In Denmark, political analysts say the Danish People’s Party (DPP) is not only drawing more voters, getting 13 percent of the vote in 2007, but it has also pulled more mainstream parties to the right as they try to win voters back, a phenomenon that experts say has occurred in other countries.
Professor Marlene Wind, a political scientist at the University of Copenhagen, said that with new elections likely in the next few months, only one small party initially spoke out against the border deal. “Hardly anyone said anything because they think it might get voters back from the DPP,” she said.
Much of the support for Denmark’s far right comes from the working class, which chafed at ultra-liberal immigration policies that have allowed thousands of immigrants to enter the country.
The DPP leader, Pia Kjaersgaard, is widely credited with forcing an overhaul of the country’s immigration policies, now among the restrictive in Europe.
Ten years ago, Denmark joined the European Union’s visa free open travel zone, outraging the DPP.
But in May, the party was celebrating; Prime Minister Lars Lokke Rasmussen had agreed to restore 24 hour customs control in exchange for support on a difficult budget package.
The deal set off an outcry in the European Union as Denmark became the first member to seriously challenge the union’s crowning achievement; the free movement of goods and services across borders.
On June 24, Italy and France, with a huge influx of immigrants from North Africa, won the ability to temporarily close borders in an emergency during a meeting of European leaders.
The Danish Parliament has yet to ratify its border deal. But experts say it is part of a worrying trend for the European Union. Small nationalist parties in many European countries, anti immigrant and anti European Union, are leveraging important changes in policies.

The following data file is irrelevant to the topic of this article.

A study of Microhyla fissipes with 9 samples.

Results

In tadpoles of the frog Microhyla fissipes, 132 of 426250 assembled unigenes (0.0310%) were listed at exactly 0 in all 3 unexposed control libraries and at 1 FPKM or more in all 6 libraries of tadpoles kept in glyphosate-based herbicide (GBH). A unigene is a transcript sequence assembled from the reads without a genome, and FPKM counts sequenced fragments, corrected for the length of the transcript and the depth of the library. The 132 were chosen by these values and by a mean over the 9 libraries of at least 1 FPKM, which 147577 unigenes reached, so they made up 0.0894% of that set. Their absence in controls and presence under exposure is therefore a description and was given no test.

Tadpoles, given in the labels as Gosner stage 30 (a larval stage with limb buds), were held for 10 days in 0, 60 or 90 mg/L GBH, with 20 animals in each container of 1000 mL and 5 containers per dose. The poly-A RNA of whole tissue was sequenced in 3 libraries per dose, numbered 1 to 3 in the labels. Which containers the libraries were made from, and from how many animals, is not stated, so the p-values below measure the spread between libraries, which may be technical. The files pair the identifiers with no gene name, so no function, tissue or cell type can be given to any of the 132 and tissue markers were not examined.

Mr. Fredrik Erixon, the director of the European Center for International Political Economy in Brussels and other experts say these populist parties have mounted a serious assault on the European Union’s principal institutions; the euro zone and free trade across open borders.
In Finland, the populist True Finn Party won 19 percent of the vote in April when it campaigned against any more contributions to bailing out euro zone countries.
As Euro zone officials have fought to steady markets in the face of possible default by Greece, a Dutch government that relies on the openly anti European Union party has fiercely opposed expanded powers for the union’s bail out fund.
Rene Schultz, a 42 year old furniture mover from Ishoj, blames immigrants for a rise in crime, though official statistics do not support this claim.
Martin Henriksen, a party spokesman, said that for a country to survive, its people must share values and customs. He called the European Union’s objections to the border deal absurd.